Supported Internship Benefits to Employers
Having a Supported Intern is at no additional cost to an employer or business as it is funded by the government. It does require a little investment in the form of time and support. The programme gives your current employees experience in training and mentoring and allows you to design a programme that suits both the need of your business and the needs of the Intern.
Supported Internship (SI) is a study programme which provides an excellent transition into meaningful paid work for young people aged 16-24 with an Education, Health, and Care plan (EHCP).
A key component of the SI is the completion of a substantial period of work experience with an employer that may lead to part time or full-time employment. Young people with an EHCP have a special educational need, this could include one or more of the following: communication and interaction, cognition and learning, social, emotional, and mental health and sensory and/or physical needs.
An effective partnership underpins the success of the SI and enables the best opportunity for interns to succeed. Working together ensures standards are upheld and there is openness and transparency, sharing effective practice with a commitment to high standards and continuous quality improvement.
Hampshire Achieves (HA) and employer commitment enables interns’ skills to be developed well. Everyone is committed to the high-quality of the SI and there is an open, transparent approach to sharing the effective practice of the SI programme.
Skills Coaches (SC) support young people with learning difficulties and disabilities and academic, social, emotional and behavioural difficulties. Skills coaches are part of the delivery through the Learning Support team.
Supported Internship offers an opportunity for employers to understand and partake in a program that supports and emphasises the potential of SEN (Special Educational Needs) young people and their importance and value in the workplace and can also help you understand the process of becoming a disability confident employer.
I would strongly recommend other employers to get involved in offering placements and working with the Employment and Skills Hub. It’s a very rewarding experience and is a long-term investment that supports recruitment solutions, provides a brighter future for young people and creates a positive work environment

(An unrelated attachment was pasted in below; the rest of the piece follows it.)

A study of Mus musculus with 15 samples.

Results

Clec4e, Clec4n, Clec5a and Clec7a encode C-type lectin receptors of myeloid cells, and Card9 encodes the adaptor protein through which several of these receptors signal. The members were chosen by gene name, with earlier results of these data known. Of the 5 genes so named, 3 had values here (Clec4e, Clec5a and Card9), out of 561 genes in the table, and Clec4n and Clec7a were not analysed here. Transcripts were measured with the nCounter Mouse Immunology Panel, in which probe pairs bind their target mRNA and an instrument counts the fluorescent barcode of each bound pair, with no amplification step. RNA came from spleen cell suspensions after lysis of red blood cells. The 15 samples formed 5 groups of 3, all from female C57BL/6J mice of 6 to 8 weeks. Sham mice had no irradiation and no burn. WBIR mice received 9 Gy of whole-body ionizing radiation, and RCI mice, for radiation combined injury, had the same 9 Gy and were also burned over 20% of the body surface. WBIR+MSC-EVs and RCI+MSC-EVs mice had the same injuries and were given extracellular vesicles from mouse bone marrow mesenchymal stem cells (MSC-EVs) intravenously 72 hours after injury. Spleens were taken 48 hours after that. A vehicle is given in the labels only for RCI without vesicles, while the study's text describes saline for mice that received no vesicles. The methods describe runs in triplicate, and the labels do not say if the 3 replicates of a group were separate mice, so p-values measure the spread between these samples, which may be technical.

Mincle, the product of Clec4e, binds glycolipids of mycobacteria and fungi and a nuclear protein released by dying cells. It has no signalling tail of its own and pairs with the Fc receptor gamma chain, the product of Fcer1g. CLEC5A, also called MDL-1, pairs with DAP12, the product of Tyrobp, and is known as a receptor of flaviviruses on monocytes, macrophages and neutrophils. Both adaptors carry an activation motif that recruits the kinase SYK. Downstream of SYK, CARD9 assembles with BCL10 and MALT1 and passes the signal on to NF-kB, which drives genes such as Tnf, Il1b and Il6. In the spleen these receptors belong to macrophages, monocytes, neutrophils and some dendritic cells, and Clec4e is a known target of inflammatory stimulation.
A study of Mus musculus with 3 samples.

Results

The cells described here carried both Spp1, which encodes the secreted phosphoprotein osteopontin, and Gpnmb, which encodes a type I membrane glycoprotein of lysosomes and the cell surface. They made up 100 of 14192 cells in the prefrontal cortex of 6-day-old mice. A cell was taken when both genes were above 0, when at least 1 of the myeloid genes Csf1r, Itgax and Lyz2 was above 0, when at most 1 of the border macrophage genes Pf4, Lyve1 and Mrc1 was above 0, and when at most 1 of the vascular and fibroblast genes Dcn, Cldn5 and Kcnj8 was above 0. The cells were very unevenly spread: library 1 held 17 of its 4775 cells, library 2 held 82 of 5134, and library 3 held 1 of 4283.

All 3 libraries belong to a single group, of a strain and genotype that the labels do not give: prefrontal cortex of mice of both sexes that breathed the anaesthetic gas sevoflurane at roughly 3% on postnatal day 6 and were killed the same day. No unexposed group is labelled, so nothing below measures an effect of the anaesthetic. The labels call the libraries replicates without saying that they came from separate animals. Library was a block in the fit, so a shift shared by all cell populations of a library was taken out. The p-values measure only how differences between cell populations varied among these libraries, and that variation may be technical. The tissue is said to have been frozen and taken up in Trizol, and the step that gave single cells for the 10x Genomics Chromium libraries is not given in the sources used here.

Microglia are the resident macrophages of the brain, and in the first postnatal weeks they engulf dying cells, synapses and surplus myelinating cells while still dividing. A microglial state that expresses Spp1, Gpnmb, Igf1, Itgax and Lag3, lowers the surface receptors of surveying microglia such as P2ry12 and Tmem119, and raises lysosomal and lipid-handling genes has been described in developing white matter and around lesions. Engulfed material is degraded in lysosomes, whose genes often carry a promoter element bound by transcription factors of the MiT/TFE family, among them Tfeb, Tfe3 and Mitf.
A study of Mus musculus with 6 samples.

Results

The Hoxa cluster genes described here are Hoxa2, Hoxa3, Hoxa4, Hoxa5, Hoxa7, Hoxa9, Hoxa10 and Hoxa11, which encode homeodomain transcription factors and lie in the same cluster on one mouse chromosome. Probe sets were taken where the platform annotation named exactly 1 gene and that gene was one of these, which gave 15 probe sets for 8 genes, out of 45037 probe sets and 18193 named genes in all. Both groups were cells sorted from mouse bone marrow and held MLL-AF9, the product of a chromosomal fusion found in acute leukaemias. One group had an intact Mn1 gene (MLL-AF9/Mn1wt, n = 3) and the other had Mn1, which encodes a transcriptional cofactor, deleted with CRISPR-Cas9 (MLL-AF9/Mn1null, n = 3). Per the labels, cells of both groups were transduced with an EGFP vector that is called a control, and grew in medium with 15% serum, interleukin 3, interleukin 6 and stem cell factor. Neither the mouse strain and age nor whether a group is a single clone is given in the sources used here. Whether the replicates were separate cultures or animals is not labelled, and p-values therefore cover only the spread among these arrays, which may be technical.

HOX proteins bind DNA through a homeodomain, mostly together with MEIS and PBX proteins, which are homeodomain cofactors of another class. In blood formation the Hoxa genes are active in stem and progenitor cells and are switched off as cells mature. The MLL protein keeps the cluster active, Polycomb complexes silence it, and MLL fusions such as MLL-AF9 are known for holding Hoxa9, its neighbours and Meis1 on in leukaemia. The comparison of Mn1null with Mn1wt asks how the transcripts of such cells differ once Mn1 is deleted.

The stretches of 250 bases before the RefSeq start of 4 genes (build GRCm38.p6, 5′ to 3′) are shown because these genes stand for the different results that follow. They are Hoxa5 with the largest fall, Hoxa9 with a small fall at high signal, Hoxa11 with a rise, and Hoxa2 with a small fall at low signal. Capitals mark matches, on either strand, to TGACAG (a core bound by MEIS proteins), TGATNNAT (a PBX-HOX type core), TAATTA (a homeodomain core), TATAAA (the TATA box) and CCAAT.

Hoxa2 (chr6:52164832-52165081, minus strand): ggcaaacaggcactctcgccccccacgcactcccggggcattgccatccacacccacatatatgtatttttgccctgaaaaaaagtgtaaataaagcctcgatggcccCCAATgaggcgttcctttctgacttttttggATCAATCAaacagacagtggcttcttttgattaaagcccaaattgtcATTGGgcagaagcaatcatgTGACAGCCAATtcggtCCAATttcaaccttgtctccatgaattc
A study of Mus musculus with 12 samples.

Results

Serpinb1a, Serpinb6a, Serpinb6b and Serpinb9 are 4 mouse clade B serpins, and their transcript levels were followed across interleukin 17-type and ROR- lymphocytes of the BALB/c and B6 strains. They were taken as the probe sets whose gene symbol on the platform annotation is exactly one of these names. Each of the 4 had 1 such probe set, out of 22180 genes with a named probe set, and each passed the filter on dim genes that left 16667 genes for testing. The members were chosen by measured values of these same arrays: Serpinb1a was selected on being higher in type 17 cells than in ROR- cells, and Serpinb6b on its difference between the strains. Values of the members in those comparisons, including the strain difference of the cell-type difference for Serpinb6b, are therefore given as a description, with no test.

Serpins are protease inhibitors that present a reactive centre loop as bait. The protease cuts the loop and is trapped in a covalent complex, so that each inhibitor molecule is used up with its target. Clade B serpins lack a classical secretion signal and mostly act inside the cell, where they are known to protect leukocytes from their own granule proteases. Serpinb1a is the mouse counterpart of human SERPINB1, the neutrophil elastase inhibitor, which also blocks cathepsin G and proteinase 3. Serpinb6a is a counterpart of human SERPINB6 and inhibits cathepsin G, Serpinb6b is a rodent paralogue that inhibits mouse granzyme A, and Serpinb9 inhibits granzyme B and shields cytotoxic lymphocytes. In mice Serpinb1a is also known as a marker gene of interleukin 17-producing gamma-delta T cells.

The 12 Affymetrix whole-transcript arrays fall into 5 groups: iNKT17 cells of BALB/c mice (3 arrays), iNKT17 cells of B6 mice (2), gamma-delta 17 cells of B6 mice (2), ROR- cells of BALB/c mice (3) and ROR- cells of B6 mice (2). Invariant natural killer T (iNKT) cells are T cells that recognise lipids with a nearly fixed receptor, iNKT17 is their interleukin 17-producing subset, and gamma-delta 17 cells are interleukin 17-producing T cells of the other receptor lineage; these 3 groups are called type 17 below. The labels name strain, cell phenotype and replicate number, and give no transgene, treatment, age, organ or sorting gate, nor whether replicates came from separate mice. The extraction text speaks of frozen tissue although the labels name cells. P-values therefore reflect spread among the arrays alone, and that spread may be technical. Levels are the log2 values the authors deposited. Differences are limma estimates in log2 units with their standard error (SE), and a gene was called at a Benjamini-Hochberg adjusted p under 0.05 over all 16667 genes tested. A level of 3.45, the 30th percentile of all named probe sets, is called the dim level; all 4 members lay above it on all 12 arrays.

How to provide a work placement for a learner on Supported Internship
Participation and Lifelong Learning has received overwhelming support from departments, managers, and organisations in offering placements to learners in the past and now asks you to consider offering a nine-month work placement to a young person. The start date for new cohorts is November through to July.
If you are interested in offering a placement, please advise your Departmental Co-ordinator/Manager, or if your organisation is outside of Hampshire County Council, please email [email protected] or [email protected].
Giving young people experiences and opportunities
Principles for good quality work placements
- Choice and relevance of placements to be offered in sectors that are relevant to a young person interest, skill, need and considers their long-term aspiration whilst undertaking high quality work experience
- Organisational readiness in the form of commitment from senior managers or supporting manager and a low ratio of interns to experienced staff
- Pre-placement preparation by Hampshire Achieves, employer, skills coach and prospective intern and an understanding of young peoples’ circumstances that may affect their workplace behaviour
- Written agreement made between the intern, employer, skills coach, and provider, setting out mutual expectations and commitments, including the training plan and arrangements for reviews
- A planned placement, structured induction, clear objectives and integrated off-the-job training, with an identified mentor or buddy
- Regular constructive feedback and reviews from managers
For more information contact [email protected].